Nice job, boys.
Nice job, boys.
To paraphrase JR, "Well, Citi, I find your $11.6 million worth of philantrophy awe inspiring" (Dallas quote-bank here).
This is one story crying out for the detail behind what the arbitrators called "serious misconduct".
It is curious, is it not, that an investment bank which has not, for some time, been updating its ledgers with feathered quills and ink via candle light can readily admit its financial control systems were so poor that a single trader was able to get around them for two years; expose his employer to €50 billion worth of risk; and, finally, lose about a tenth of that. This is, apparently, not a particularly weighty definition of negligence.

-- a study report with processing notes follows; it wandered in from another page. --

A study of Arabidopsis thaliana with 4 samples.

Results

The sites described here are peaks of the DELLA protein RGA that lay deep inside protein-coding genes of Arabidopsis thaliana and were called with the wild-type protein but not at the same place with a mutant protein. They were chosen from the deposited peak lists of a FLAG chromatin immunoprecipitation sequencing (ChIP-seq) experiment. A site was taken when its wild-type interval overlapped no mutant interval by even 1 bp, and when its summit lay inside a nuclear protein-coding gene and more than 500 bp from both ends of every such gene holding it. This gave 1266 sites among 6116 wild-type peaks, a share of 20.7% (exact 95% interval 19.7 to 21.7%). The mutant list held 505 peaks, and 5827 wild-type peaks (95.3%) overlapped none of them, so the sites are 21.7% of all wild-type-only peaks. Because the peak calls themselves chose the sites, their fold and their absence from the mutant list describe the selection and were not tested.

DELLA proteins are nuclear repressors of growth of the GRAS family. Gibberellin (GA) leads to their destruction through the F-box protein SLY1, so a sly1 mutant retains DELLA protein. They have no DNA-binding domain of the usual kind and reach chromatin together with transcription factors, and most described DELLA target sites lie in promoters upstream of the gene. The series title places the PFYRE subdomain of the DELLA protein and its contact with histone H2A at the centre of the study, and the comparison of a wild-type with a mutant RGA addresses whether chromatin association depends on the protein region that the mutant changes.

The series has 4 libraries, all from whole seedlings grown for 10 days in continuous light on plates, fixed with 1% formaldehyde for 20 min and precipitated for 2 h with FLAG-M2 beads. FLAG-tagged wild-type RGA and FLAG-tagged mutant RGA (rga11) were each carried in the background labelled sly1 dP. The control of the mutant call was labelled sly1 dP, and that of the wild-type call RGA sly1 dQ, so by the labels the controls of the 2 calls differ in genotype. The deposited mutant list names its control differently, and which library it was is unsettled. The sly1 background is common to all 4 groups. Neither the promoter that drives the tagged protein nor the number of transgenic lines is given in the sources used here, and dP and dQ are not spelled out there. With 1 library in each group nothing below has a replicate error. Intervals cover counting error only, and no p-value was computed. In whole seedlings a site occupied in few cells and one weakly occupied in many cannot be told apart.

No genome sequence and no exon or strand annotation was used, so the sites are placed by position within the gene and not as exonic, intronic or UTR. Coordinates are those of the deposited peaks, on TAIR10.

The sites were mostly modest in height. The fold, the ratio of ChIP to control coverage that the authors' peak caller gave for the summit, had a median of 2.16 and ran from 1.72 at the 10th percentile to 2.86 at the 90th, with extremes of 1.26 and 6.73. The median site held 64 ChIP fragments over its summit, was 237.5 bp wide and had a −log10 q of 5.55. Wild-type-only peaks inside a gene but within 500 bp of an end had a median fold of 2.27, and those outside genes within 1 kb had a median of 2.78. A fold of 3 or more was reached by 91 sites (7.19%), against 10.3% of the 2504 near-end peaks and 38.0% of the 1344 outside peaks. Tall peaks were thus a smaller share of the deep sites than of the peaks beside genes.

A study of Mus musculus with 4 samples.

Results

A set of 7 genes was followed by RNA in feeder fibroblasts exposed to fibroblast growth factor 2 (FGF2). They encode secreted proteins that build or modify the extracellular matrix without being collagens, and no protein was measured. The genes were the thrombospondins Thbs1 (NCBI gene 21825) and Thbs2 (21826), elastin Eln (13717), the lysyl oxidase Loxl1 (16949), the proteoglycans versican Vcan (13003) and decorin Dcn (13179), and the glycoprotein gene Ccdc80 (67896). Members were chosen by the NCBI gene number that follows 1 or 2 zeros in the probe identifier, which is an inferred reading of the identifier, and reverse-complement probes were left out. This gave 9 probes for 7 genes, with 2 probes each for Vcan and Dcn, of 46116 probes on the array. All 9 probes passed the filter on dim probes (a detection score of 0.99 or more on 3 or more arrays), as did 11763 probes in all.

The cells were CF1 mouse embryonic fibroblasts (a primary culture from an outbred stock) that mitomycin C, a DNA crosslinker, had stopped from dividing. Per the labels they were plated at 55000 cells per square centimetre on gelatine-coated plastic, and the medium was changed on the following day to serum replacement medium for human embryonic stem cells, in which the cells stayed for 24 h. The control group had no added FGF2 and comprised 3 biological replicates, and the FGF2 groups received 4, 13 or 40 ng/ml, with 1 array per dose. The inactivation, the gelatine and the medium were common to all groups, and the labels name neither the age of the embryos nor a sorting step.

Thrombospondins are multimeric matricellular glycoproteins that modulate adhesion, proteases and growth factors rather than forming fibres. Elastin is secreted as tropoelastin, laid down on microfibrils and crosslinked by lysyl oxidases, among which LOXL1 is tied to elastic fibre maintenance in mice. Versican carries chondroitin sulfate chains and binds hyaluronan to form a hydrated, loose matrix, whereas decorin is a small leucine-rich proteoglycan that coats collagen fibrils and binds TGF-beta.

Certainly the very frank, honest confession of control ineptitude probably, just a little bit, helped Société Générale's case against Mr Kerviel. Honesty is the best policy. Even when it means saying your controls did not detect, at minimum, 1,071 bogus trades. Not that France's Commission Bancaire was overly impressed back in 2008 with the mea culpa.
Of course, no criminal act by a trader ought to be sympathised with in the slightest. Someone must
set a precedent bring them to book. But requiring, on top of a prison term (pending appeal), that a fine equal to the €4.9 bn loss suffered by Société Générale be borne by Mr Kerviel looks a tad daft. Asking him to put in place beef up the internal controls would have been a better long term investment.
And shouldn't they at least net off the €1.4 bn the same hidden Kerviel deals made SG in q4 2007?
Le Monde has a thoughtful audio montage here.